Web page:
Tin Hifi T5 Impressions

The Tin Hifi T5 is the latest in-ear monitor from the company that brought you one of the most popular and "legendary" status budget IEM, the T2, several years ago. They have made a series of equally popular products since then and this T5 is the newest one to hit the market.

The T5 will go on pre-sale on May 3rd at 6AM EST on Linsoul and Drop.com. The early bird price will be $109, while retail pricing will raise to $129.

The new T5 uses a single "DOC" dynamic driver. I wasn't able to figure out what "DOC" meant, but it is supposedly similar to the "diamond-like carbon coating (DLC)" used on other dynamic drivers. 

The new structural design allows the DOC diaphragm to be thinner, while being 60% stronger and more rigid than that of traditional DLC diaphragms. Furthermore, due the closer proximity of the carbon atoms to each other, the DOC driver is 5 times harder than that of typical ceramic diaphragms. 

The T5 comes with a basic black braided cable, a series of tips and their signature foam tips in white, and an all-new white fake-leather case. This case is quite nice actually. It has a magnetic closing lid that opens up and has a spacious opening inside. There's a Tin Hifi metal placard on the front as well. In addition to these standard accessories, Tin also added a few extra filter pieces in the box.

Sound Impressions

I will keep this rather brief, since my time with the Tin T5 has been pretty limited, but I was requested to put something out prior to the launch of the product to give people a more educated decision on whether to pre-order and save a few bucks or not. All the playback was on the Lotoo PAW 6000 digital audio player using Azla Xelastec tips.

In my opinion, the Tin T5 has a much different sound signature than previous Tin Hifi products. It takes the balanced U-shape signature of the Tin T2 Plus, and then makes it even more bassy, and more bright, and turns this into a standard V-Shape "fun" IEM sound signature which is the first in the Tin Hifi lineup that I am aware of, and I believe I've tried all but the original T1 at this point.

I am not sure I like the way Tin Hifi has been trending, mostly because I like how the started with their T2 product competing with the likes of Etymotic and their more diffuse sound. With a V-shaped signature, this product does not really distinguish itself from the pack. Instead, it's more of the same, or even worse.

It will out-resolve and be cleaner and clearer than what you'll find in your local big box store in terms of competing IEMs with the same V-shape signature (think Beats or in-store Sonys or Skullcandys), but I'm not so sure it can compete with other audiophile-centric products even at its $109 price point, nor its own cheaper sibling, the T4, which I find the best overall Tin product.

The main issues I have with the Tin T5 are two fold. First, it has a little too much bass (mid-bass), but that's actually not too distracting. I found it to be pretty fun to listen to with specific genres like modern pop and EDM music. It has a enjoyable level of bass that hits pretty hard, though lacks a lot of layering and texture.

The biggest issue is the the amount of treble and the lack of upper-mids on this product. On the first song I listened to out of the box, I put on Alison Krauss and Union Station's "Restless." It's a bluegrass pop track, which evidently is the worst type of music to play with this IEM. Bluegrass music is centered around instrument play of various string instruments and most of these have harmonics in the upper-mids and treble range that tend to be louder than the fundamental. Add on top of that Krauss's angelic voice, and I have a recipe for disaster here.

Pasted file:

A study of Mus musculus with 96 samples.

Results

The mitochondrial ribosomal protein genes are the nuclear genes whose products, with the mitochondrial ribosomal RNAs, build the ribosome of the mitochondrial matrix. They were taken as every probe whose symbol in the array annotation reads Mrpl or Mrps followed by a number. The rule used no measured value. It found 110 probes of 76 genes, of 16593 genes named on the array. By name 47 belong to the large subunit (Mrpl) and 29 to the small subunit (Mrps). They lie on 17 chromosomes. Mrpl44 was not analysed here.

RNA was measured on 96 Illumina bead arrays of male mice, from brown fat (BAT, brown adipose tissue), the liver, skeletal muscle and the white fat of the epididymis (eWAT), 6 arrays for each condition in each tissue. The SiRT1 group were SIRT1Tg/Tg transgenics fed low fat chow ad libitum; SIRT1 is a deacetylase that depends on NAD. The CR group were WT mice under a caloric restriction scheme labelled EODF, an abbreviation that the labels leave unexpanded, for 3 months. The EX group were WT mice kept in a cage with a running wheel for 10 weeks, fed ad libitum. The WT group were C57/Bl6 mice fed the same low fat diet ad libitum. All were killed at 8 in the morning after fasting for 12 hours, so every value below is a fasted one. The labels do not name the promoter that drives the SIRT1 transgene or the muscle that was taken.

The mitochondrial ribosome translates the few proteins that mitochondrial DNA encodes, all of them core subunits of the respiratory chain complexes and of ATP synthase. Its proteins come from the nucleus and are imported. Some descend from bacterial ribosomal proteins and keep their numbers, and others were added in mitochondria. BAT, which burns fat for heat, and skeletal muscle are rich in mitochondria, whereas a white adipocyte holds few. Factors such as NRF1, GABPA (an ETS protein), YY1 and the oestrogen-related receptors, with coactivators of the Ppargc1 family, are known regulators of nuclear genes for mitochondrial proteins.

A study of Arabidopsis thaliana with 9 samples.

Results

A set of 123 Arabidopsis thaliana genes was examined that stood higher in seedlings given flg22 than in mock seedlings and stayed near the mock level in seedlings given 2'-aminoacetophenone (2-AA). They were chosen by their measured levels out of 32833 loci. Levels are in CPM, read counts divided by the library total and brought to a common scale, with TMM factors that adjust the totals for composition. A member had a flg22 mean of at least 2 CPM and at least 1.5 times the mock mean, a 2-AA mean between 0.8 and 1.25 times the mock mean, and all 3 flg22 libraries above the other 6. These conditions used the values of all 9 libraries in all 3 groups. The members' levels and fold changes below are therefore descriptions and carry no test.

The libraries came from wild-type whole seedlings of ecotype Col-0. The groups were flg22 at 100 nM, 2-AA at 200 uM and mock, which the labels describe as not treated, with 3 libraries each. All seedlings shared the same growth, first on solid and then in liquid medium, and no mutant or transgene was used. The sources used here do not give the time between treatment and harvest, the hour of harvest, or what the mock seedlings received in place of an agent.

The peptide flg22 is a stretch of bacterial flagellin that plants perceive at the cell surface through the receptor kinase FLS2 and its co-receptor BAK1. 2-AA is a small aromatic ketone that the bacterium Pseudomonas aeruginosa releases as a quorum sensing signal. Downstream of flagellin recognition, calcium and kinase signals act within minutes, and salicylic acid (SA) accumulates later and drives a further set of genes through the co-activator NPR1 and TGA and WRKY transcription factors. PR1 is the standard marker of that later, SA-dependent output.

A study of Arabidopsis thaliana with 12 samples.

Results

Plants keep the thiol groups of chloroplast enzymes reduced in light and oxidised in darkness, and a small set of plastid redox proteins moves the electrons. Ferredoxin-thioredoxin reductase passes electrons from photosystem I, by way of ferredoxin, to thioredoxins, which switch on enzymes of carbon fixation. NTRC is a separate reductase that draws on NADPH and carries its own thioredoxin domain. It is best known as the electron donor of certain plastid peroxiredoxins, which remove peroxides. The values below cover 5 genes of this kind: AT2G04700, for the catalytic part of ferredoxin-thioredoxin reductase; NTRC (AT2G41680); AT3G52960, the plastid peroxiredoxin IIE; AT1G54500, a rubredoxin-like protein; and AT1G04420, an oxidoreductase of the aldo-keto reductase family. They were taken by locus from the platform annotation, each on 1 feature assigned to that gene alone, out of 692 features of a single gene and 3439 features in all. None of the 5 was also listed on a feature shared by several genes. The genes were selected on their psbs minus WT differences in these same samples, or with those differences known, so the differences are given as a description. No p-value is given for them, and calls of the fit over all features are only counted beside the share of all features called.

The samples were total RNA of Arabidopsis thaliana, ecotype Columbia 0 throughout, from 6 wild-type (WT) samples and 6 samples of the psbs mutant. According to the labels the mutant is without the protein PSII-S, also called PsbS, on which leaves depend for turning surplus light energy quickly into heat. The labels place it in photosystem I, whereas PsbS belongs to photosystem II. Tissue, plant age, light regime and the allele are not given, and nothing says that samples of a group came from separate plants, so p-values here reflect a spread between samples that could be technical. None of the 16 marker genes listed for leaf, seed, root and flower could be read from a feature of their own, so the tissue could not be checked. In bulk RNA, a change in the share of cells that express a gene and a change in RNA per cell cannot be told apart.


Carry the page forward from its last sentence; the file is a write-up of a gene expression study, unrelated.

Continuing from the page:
I put this song on, turned up the volume slightly, and within 30 seconds, I had to remove the IEM. I could feel the onset of ringing. The mandolin and banjo plucks and their resonance was already fatiguing, and then her vocals sounded strained and stretched and quite unnatural.

I did something that I really don't believe a lot in. I then let it burn-in for a bit. A while later, I put on Chvrches latest record, and enjoyed the deeper and bigger bass in these electropop tracks. Lauren Mayberry's vocals sounded a little uneven, as in some songs or sections she'd sound fine, and in others, she sounded thin and near sibilant. Luckily, most of the synth play sounded fun and enjoyable here.

I threw on some more acoustic jazz music. Cymbals and snares were overly fatiguing with the bright nature of the T5 and despite liking the impact of the bass guitar, I couldn't bear the level of ringing and jarring treble sounds.

I then switched over to the Icelandic-Rock track, "Empire" from Of Monsters and Men. The very first guitar riff was almost unnaturally clear and forward. The kick drums and basslines were big and boomy, but also fun and entertaining. Unfortunately I did find the vocals and guitars sounding plasticky in nature and almost incoherent with the bigger low-end. I wouldn't say it was muddy, but it was pretty close to it.

Final Impression Remarks

For the music I spend a lot of time listening to, the Tin T5 does not do it for me. It's actually a bit painful to use in that it's just too bright for my tastes. In some genres, it may work. It adds a fun character to music, but treble sensitive folks should be cautious here. Some may find the bass to be perhaps overwhelming too, especially if you're used to the Tin T2.

For $109 or $129, I would personally take a different product that better suits my tastes in music. But for those who may enjoy a little more clarity and improved resolution upon your standard Beats or generic store bought products, this would could do the trick, though again, there's other stuff out there to consider for a less.